NEW YORK (AFP, REUTERS) - Wall Street stocks plunged on Wednesday (Oct 10), with major indices losing more than 3 per cent in a sell-off prompted by the sudden jump in US interest rates.
When all the dust settled after a brutal session, the Dow Jones Industrial Average had lost 3.2 per cent or 830 points to finish at 25,498.74, in the biggest fall since February.
The broad-based S&P 500 slumped 3.3 per cent to end at 2,785.68, while the tech-rich Nasdaq Composite Index plummeted 4.1 per cent to finish the session at 7,422.05.
The Nasdaq decline was its worst in percentage terms since the surprise Brexit vote in June 2016.
Losses were fairly broad-based, with tech companies Amazon and Microsoft 6.2 per cent and 5.4 per cent respectfully. Apple, Boeing, Nike and Visa all tumbled more than 4 per cent, while Caterpillar and 3M lost almost 4 per cent.
US stocks notched solid gains in the third quarter as investors brushed aside worries about trade wars and focused on strong corporate earnings and solid US economic data.
But stocks have been under pressure since the yield on 10-year US Treasury bonds jumped above three per cent last week, a sudden move that raised fears of an overheating economy, speeding inflation and more aggressive Federal Reserve interest rate increases.
"It's shifting the tectonic plates," said Jack Ablin, chief investment officer at Cresset Wealth Advisors.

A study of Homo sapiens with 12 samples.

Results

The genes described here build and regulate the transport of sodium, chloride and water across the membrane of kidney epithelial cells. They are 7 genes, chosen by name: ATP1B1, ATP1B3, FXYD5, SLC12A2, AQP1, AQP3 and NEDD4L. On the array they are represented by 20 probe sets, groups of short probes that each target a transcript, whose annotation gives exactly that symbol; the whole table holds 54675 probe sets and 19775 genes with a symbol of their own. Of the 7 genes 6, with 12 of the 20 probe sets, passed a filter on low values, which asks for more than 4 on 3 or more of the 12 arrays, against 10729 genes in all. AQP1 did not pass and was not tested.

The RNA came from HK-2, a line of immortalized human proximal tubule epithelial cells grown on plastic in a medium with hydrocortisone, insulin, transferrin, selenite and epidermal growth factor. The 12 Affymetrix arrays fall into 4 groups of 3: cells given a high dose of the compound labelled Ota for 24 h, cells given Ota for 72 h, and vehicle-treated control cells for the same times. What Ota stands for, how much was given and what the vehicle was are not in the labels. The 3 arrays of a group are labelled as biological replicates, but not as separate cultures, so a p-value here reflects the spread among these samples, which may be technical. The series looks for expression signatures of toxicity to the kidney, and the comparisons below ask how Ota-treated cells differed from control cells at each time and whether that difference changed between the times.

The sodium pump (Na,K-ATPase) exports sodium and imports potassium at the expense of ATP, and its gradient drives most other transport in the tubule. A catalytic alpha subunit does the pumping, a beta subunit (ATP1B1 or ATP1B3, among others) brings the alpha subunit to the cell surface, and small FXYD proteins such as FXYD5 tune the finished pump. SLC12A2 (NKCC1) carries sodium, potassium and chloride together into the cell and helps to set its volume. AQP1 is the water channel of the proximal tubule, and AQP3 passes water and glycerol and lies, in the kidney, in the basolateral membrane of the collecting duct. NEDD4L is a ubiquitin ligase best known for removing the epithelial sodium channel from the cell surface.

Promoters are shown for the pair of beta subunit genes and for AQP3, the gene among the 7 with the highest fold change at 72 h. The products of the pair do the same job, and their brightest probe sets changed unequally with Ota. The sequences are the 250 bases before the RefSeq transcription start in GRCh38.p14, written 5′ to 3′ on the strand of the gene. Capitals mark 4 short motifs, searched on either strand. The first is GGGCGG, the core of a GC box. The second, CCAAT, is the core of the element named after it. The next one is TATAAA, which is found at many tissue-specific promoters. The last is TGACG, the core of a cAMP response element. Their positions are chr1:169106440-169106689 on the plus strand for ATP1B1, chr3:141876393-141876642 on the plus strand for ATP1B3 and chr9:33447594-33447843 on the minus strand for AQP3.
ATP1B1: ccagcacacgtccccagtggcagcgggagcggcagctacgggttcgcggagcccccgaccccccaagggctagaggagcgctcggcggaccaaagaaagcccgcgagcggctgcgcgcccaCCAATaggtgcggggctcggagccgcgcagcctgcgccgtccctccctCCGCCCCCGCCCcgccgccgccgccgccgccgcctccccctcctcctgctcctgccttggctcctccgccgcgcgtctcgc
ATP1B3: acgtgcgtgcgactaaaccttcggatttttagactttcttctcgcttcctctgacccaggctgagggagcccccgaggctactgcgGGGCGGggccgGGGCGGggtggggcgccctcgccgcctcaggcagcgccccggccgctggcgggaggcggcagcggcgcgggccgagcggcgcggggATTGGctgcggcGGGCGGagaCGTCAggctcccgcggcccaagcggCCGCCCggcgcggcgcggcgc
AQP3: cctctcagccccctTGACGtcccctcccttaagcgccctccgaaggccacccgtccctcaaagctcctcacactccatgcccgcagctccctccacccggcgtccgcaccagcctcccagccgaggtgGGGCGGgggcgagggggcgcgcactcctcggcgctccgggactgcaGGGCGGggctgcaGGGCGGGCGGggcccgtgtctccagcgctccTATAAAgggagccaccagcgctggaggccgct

"Equity markets have enjoyed capital flows because bond yields have been so paltry. As rates move back towards fair value, capital is going to flow eventually out of equity risk taking."
A senior White House official told CNBC that US President Donald Trump had been briefed on the sell-off,
"This is a bull market correction. It's probably healthy. This will pass and the US economy remains strong," a White House official said, according to a statement read by CNBC.
Trump often points to a strong economy and rising stock market as proof his tax and fiscal policies are working. On Tuesday, he reiterated his criticism of the Federal Reserve for raising interest rates, saying that he does not want current economic growth to slow down "even a little bit."
The turmoil came a day after the International Monetary Fund slashed its global growth forecast on worries about trade wars and weakness in emerging markets.
Tom Cahill of Ventura Wealth Management said investors were also unnerved by remarks from luxury company LVMH of a crackdown on some goods in China amid the country's bitter dispute with the United States.
"Two weeks ago this kind of news would not have affected the market," he said. "But since we are now in a corrective phase, any bad news accelerates the decline."
LVMH's travails also raised worries about whether the prospects of luxury brands are fading as the global economic outlook weakens. Among American brands, Tiffany slumped 10.2 per cent and Michael Kors Holdings fell 7.1 per cent.
US airlines were another big loser, with American Airlines sliding 5.8 per cent and Southwest Airlines 3.6 per cent as a major US hurricane caused flight cancellations in Florida.